By Jean Lien ; Updated September 21, 2017
Paper bark birches contrast with the surrounding landscape.

Distinctive bark, attractive leaves and manageable size make birch trees an excellent choice for the landscape. There are a number of varieties with variations in foliage, bark and cultural needs. These trees are relatively pest-resistant and hardy, but with the right cultivar selection a birch can be grown in almost any yard.


Betula lenta (sweet birch) is native to much of the eastern United States. The bark is very different than that of other birches; initially red, then peeling in brownish layers that eventually change to black. Betula lenta has leaves and twigs that give off a strong smell of wintergreen when crushed. This is a good shade tree, growing up to 40 feet, and has yellow fall color. It's hardy in USDA zones 3 through 9.

Betula nigra (black birch) has the stereotypical peeling bark of the birch family in a wider range of colors. Bark layers peel away, revealing tones of white, cream and rust. Betula nigra is very tolerant of a wide range of soils, and is drought-resistant once established. "Heritage" has the most attractive bark coloration, and good disease resistance. Fall color is yellow. It's hardy in zones 4 through 9.

Betula pendula "Laciniata" (cut-leaf weeping European brch) displays unusual deeply cut leaves and a graceful, pendulous form. The eventual growth of this tree depends on availability of water. Areas with high moisture levels will produce a specimen up to 50 feet tall. Places consistently dry during the main growing season will grow trees to 30 feet. This tree will withstand quite a bit of smog and pollution, but its eventual height may make it inappropriate for a small city yard. It's hardy in zones 2 through 9.

Betula utilis "Jaquemontii"' (paper bark birch) grows into the classic birch form, with creamy white peeling bark and delicate green foliage. This tree will grow in most soils and is hardy in zones 3 through 9. Bark coloration can be slow to develop, with young trees having no hint of white the first few years.


The main problem with birch trees is their short lifespan. Some may decline and die after only 20 years. Providing good soil, regular water and monitoring for disease and insect problems will go a long way in extending the longevity of the tree.

Birches require full sun, but their roots should be cool and shaded. On young trees, the root system is so shallow even a small period of drought can damage them. Mulching around the trunk of the tree out to the drip-line and planting shallow rooted shrubs and perennials will help keep roots shaded and evenly moist.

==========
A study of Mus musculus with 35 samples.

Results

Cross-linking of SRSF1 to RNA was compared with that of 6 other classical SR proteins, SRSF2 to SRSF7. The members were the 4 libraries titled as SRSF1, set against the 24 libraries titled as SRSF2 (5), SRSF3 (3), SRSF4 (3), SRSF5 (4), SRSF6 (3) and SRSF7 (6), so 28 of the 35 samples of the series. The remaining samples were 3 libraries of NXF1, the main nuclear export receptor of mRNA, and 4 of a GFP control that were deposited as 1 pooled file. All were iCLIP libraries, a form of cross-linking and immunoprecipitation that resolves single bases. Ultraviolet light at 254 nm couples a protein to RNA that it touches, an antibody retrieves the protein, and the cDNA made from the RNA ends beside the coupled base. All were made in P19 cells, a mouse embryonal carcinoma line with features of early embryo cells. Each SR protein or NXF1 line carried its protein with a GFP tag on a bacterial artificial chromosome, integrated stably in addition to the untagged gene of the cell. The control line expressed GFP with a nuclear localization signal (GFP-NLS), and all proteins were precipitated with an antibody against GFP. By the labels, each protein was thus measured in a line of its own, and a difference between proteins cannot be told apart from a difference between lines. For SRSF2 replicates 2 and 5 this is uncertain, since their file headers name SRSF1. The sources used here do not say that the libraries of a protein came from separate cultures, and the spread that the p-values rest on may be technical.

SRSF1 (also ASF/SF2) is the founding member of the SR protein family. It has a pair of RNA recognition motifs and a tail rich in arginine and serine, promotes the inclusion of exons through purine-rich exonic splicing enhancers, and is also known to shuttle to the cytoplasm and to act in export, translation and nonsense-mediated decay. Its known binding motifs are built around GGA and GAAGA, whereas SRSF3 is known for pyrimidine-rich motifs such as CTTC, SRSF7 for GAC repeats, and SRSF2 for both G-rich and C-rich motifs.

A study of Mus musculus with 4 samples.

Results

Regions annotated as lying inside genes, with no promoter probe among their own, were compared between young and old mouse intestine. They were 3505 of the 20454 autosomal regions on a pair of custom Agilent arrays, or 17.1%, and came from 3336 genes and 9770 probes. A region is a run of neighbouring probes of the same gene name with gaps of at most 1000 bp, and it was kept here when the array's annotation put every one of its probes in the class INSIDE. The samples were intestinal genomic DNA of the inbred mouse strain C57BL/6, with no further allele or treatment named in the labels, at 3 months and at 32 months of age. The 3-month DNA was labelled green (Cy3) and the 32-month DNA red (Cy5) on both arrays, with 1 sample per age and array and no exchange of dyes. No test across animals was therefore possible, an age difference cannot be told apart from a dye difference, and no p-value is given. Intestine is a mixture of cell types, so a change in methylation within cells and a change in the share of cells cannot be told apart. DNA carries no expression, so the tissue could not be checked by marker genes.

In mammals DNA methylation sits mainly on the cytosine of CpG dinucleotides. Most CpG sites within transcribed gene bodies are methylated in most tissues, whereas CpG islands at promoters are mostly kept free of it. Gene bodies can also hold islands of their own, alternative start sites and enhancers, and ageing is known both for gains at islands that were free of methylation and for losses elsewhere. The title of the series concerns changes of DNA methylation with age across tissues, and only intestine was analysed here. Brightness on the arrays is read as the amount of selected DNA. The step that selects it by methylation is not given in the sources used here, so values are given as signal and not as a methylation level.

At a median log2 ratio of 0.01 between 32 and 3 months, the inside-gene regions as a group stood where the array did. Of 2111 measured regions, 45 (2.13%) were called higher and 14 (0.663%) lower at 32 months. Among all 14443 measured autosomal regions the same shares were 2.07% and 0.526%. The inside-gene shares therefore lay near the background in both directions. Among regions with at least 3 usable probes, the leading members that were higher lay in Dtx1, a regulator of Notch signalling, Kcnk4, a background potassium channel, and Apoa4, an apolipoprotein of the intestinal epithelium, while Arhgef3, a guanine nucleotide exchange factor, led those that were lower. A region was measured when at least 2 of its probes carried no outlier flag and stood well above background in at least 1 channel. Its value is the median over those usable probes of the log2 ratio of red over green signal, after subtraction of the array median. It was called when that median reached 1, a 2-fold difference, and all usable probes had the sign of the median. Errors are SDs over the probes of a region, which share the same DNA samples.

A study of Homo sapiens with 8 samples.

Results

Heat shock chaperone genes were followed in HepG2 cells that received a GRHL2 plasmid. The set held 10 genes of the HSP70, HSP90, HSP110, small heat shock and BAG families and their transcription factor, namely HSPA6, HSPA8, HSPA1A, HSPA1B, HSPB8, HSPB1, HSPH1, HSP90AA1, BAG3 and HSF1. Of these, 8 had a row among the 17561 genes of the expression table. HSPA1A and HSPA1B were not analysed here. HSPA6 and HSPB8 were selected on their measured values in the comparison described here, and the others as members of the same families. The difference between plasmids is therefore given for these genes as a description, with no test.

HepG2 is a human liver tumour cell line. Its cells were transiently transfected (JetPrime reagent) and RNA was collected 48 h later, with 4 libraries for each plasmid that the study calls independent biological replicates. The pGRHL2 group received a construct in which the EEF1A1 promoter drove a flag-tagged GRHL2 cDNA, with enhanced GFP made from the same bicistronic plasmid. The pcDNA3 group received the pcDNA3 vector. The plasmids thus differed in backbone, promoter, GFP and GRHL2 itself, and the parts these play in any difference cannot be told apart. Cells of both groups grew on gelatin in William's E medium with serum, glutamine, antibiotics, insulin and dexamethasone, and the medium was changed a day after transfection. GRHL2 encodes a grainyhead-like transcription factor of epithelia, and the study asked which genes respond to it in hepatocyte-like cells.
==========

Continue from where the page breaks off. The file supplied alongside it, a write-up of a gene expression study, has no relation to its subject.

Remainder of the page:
In areas with very wet soils, avoid planting the white bark birches. Betula nigra has a similar look, and will grow in heavy soil and even survive brief submersion.


Birches are on the whole very disease-resistant. Anthracnose can be a problem in some areas, however. This disease causes unsightly mottling and curling of the leaves. Primarily cosmetic, it will rarely kill the tree. An anthracnose episode followed by a drought or an insect infestation will cause serious problems and eventual death. Properly monitoring water levels and mulching the roots will provide the conditions birches need to thrive, lessening the chance of disease.


Insects that commonly infest birches include the birch borer beetle, birch leafminer, and aphids. The birch borer is the most serious pest, causing decline and death even in mature trees. Birch leafminers primarily disfigure leaves, and do not cause any lasting damage. Aphids usually afflict new growth, causing the leaves to curl. A strong spray of water will dislodge them. Borer beetles can be controlled with an insecticide applied to the trunk, although this is not always effective. Maintaining the health of the tree through good cultural practices is more useful and longer lasting.


Birches can be used as a single specimen, or be planted as a group. Single specimens of Betula nigra are very beautiful, with their multicolored bark and large leaves. Betula utilis looks stunning planted as a group, the white trunks providing contrast with other landscape elements. Shrubs and perennials to be interplanted with birches should have low water needs and tolerate partial shade. Take into account that the tree may have to be removed within 30 years, and plant in an area that is easy to access.


About the Author


What began as a lifelong gardening fixation turned into a career for Jean Lien. She has more than 15 years of experience in the nursery industry and landscaping, and three years of horticulture at South Puget Sound Community College. Lien began writing in 2009 for various websites.